An estimated 2,000 people have protested outside the Latvian parliament angry that a prominent party representing the Russian-speaking minority was left out of coalition talks.
The party, Harmony Centre, put the exclusion down to ‘traditional Latvian distrust’ of Russian influence, even though it holds nearly a third of seats in parliament.
Party supporters chanted, blew horns and banged drums to show their disappointment.
“No to ethnic discrimination,” read banners held by many of the Harmony Centre supporters at parliament, which was sitting for the first time since the snap election on 17 September.
Many in the crowd had come from heavily Russian-speaking Eastern Latvia, where Harmony Centre won 52 percent of the vote.
“How can a party which wins the election not be in the government. How can that happen in an EU country?” said Ilona Fyodorova, 46, from the eastern town of Kraslava.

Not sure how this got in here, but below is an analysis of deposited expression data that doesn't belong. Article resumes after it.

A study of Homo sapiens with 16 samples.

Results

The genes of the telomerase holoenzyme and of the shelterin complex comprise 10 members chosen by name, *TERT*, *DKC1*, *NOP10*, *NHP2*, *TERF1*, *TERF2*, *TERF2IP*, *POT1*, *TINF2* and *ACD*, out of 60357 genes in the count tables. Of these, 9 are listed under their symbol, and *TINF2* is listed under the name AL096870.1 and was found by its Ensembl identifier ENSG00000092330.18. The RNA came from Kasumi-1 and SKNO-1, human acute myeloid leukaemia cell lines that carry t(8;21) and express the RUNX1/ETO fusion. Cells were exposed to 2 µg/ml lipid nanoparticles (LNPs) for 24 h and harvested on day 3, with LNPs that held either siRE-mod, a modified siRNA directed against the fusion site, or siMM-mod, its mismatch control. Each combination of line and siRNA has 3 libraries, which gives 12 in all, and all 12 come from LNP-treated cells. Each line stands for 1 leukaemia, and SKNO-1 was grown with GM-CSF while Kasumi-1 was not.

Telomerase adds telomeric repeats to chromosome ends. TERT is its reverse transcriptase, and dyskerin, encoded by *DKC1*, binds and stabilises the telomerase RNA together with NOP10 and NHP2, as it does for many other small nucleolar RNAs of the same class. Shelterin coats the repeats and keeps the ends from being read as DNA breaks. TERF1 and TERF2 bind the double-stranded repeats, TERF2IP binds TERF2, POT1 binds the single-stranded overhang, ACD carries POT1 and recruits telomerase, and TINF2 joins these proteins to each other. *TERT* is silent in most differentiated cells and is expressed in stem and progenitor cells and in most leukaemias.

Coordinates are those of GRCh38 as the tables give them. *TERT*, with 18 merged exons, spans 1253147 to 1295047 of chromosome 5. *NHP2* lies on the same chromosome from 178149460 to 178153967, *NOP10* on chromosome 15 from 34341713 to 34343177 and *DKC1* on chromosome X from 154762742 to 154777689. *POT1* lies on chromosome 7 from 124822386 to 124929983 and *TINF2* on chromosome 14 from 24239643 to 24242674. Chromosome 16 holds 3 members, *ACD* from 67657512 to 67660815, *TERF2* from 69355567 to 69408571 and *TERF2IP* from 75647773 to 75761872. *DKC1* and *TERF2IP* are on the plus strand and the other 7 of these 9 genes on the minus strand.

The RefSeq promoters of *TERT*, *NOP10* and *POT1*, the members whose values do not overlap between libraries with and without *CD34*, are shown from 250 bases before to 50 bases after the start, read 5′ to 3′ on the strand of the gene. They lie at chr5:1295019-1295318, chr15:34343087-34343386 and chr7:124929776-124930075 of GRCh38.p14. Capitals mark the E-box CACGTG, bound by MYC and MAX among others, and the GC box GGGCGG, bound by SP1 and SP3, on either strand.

Harmony’s hopes of joining in government could be salvaged, however, since talks among the other parties have not gone smoothly.
Prime Minister Valdis Dombrovskis is hoping to stay on at the head of a coalition formed by his Unity party with the Reform Party of former president Valdis Zatlers and the nationalist bloc. But on Sunday six of Zatlers’s 22 legislators defected to form their own parliamentary group.
Despite an assurance by the six rebels to support Dombrovskis, their defection leaves the three would-be coalition parties with only 50 seats of their own. That would leave the government vulnerable as Dombrovskis seeks to keep Latvia on a path of fiscal austerity in order to adopt the euro in 2014.